Coaches have a responsibility to address and stop hazing. Each program does this differently. No matter what your district does in terms of addressing hazing, make sure that you, the coach, are proactive. The last thing that you need to deal with in your football program is a culture of hazing. It simply never ends well.
Here are 3 steps to help haze proof your locker room.1. Be proactive
Being proactive means taking practice or meeting time to discuss hazing with your team so that they know you are not OK with hazing. Failure to discuss hazing with your team could harm you later should there be a case of hazing. People will ask your team if your coach ever told the team not to participate in hazing. If your players say "No, my coach never told us not to haze," that won't sit good for you if there is any sort of investigation.
Coaches should define hazing with their teams before their season starts. This should happen every year. Explain to your program what hazing is. Here is a good definition that I've used for a while: "The practice of rituals, challenges, bullying, or other activities involving harassment, abuse or humiliation used as a way of initiating or welcoming a person into a group."
Let your players know what the consequences of participating in hazing type of behavior will result in. Will you punish players who haze others? If you have a team handbook of rules, make sure to include your hazing policy. 2. Be present
Most hazing happens when the coaching staff is absent. In the hazing cases that cause coaches to be fired, when kids assault one another in a variety of forms and fashions, coaches are almost always found guilty of failing to supervise their team. (In some rare cases, a coach is actually watching and or encouraging physical hazing.)
Being present means that a member or members of the coaching staff are supervising the locker room. Supervision means that the coaching staff is able to both see and hear what is going on in the locker room. Some facilities are built very well for this to happen, some are not. The design of your facility can't be used as an excuse not to provide proper supervision for your team. It is a common expectation that educators supervise their students; this also applies to coaches and athletes. In most states, it is built right in to the Educational Code.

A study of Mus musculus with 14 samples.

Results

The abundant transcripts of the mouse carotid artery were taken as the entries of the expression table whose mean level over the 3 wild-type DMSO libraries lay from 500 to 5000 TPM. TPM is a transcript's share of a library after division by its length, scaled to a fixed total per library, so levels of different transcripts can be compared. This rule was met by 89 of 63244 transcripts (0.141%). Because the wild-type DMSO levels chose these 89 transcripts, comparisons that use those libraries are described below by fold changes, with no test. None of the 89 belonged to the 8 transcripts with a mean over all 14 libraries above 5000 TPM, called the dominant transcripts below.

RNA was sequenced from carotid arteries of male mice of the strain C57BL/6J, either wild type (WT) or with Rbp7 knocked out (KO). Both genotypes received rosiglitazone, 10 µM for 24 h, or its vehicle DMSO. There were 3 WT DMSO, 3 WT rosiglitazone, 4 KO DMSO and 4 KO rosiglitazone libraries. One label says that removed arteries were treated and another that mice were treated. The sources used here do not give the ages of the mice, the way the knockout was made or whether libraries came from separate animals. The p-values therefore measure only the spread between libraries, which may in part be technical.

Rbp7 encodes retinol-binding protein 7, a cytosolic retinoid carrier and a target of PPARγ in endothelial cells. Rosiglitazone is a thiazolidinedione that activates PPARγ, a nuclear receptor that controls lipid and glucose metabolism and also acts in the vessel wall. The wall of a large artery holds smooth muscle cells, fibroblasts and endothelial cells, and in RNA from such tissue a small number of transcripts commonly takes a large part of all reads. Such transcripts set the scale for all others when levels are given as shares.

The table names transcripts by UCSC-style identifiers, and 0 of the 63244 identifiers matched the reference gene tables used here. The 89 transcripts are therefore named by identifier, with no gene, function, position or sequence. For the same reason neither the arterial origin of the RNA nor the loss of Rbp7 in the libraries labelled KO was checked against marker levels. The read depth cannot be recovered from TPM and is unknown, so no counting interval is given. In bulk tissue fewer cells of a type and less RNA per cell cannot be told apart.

I advise sitting down with your staff to create a supervision calendar. Who is responsible for supervising the locker room on this date, or for this week? One way that I did this as a head coach was sitting down with our staff at our July meeting, and literally putting this right on our training camp installation calendar. Each coach would take one week that he was responsible for the supervision of the locker room, unlocking the door, and being the last to leave.3. Be player-centered
If your program is player-centered, you will care about hazing. If coaches are in touch with their players, they will know what is going on away from their field and locker room.
Coaches need to be approachable so that kids feel safe talking to their coach if they are being hazed. Being player centered means that player health and safety is at the core of your values. Talking about this over and over will help to build a haze-proof culture. When players know that the coaching staff cares about their health and well-being, they will know and understand that hazing simply doesn't fit as a part of their culture.Chris Fore is a veteran Head Football Coach and Athletic Director from Southern California. He consults coaches and programs nationwide through his business Eight Laces Consulting.